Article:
Ethiopia - The Cradle of Mankind
My luggage never turned up on the belt. But hey, here I finally was - May 2018, Gendit, Northern Ethiopia. Walking the dream to find a village to build a school.
A cathartic week amidst lashing rain (yes it was the rainy season), injera* aplenty and a million electricity blackouts. *a flatbread - it’s a local delicacy in this part of the world
’Johnnie’s’ Air BNB was little better than camping - let alone ‘glamping’. The notice over the bath read ‘don’t put rubbish in here’ and standing in the rain proved to be the best way of washing my hair. No ‘Dyson Supersonic’ here.
A week here truly puts life in perspective. Ethiopia - the cradle of mankind - has produced a humble, warm generous people. And - in spite of the weather - a people thirsty for education.
My week unravelled as cathartic, deeply humbling and inspiring; it was a roller coaster of pure joy and deep sadness. A week in a thousand tuk-tuks, over crowded, dilapidated vans and over 800 miles across rural Ethiopia. Bananas became my staple diet as embarrassingly I hate injera.
To walk towards one thousand children carrying leaves and flowers had tears running down my face, and the feeling of being an unpaid celebrity in a United Nations documentary. An utterly humbling experience.
Four villages heard the rumbling of our van over the week. Every village visited had a need and a dream to find a sponsor. And I had a dream to find a village. Teachers, children, advisers and village elders swathed in white robes and casually carrying Kalashnikovs sat patiently as questions and answers were translated from Amharic into English.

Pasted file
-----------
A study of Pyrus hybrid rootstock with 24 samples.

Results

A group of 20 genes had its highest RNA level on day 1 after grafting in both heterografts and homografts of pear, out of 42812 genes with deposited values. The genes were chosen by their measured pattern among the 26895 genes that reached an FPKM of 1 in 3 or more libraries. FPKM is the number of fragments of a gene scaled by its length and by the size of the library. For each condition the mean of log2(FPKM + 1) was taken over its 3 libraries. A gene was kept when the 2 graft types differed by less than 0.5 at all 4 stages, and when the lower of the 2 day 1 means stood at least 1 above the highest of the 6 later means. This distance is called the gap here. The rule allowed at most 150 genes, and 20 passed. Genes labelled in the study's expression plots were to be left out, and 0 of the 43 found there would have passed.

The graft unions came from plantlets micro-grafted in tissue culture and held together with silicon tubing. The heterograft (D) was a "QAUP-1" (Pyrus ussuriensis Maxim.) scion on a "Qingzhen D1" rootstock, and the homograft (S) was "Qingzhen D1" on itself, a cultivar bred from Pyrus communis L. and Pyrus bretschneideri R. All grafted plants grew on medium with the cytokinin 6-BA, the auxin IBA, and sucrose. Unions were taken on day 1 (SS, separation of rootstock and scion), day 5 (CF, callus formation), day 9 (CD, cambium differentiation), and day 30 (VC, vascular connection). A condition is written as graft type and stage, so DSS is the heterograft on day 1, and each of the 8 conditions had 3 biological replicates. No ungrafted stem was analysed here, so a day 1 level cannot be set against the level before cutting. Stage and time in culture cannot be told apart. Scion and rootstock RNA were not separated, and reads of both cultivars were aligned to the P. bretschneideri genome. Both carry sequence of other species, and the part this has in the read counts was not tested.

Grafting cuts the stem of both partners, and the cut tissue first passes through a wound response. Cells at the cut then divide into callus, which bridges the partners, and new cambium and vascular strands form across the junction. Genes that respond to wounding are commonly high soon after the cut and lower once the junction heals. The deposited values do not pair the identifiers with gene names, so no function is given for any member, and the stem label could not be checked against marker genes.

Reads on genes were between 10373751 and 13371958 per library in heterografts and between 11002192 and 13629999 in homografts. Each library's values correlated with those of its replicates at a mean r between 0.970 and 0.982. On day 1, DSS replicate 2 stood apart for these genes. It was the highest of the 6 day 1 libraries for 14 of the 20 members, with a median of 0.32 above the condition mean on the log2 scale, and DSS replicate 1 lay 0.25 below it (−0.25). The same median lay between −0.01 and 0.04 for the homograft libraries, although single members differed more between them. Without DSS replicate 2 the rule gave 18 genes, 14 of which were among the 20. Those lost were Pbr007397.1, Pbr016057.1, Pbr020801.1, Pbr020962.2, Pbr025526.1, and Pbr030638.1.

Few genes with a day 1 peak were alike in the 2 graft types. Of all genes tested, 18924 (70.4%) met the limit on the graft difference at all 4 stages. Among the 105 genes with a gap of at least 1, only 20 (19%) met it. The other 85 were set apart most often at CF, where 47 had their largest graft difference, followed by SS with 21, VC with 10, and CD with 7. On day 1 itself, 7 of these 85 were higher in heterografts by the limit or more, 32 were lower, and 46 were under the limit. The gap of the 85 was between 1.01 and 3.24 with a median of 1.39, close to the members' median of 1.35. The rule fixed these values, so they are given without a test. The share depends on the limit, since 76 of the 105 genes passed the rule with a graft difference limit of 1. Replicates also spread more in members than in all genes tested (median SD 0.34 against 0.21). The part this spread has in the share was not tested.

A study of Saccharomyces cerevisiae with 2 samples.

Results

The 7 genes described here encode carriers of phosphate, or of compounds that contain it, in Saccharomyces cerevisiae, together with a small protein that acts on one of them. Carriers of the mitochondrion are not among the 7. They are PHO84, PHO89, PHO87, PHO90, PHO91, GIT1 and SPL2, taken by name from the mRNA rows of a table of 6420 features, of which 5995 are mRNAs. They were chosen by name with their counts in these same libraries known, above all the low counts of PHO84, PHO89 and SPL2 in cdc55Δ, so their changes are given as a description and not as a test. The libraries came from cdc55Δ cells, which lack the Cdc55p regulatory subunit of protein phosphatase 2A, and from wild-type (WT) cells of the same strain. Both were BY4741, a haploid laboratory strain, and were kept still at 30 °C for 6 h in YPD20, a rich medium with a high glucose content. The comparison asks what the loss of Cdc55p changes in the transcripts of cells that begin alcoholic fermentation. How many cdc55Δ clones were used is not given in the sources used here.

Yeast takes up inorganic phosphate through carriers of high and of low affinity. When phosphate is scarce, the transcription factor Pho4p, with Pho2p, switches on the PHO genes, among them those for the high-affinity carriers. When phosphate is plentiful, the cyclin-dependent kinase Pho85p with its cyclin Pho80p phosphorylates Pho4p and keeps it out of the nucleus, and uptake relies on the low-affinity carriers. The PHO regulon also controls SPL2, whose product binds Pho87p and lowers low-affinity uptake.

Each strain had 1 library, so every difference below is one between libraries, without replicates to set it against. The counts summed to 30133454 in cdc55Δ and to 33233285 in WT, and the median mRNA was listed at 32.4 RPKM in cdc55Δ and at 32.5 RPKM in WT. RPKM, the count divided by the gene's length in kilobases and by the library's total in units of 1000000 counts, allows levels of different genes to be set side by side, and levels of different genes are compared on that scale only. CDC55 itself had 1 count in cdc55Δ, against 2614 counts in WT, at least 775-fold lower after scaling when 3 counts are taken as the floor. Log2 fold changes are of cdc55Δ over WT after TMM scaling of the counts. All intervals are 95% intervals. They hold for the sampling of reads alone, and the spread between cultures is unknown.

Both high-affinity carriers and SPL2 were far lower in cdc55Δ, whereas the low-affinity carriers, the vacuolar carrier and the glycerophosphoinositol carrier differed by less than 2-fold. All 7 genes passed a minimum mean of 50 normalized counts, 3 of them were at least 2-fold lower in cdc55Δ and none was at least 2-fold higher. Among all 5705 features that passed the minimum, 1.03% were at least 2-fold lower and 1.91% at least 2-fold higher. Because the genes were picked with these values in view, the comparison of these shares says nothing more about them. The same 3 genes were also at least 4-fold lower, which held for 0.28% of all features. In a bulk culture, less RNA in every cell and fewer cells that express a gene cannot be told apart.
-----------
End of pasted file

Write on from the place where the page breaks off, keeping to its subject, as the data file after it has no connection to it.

There were up to seventy-five children in these broken wooden huts or rubble strewn classrooms. An almost inconceivable thought - but this was the reality. However, sitting in these lessons was a life time privilege. I taught these children English with one piece of chalk and a blackboard hanging off the wall - a challenging experience. But they all smiled; they all wanted to learn.
And every night by torchlight I wrote my diary - a diary which would finally guide us to decide which village would be the one. It was tough. They all could easily have been ‘the one’.
On Thursday our van rumbled up the mud track and into Gendit village. Two classrooms and a guard with a gun. One piece of chalk. No books. No director. Two worn out teachers. No toilets. One well. Twenty-three children ran towards me with tiny leaves they had picked from the bushes. I cried. This was the place.
And the dream began.....THIS was a Cradle for Mankind. And what the heck if my luggage never arrived. All you need is a dream.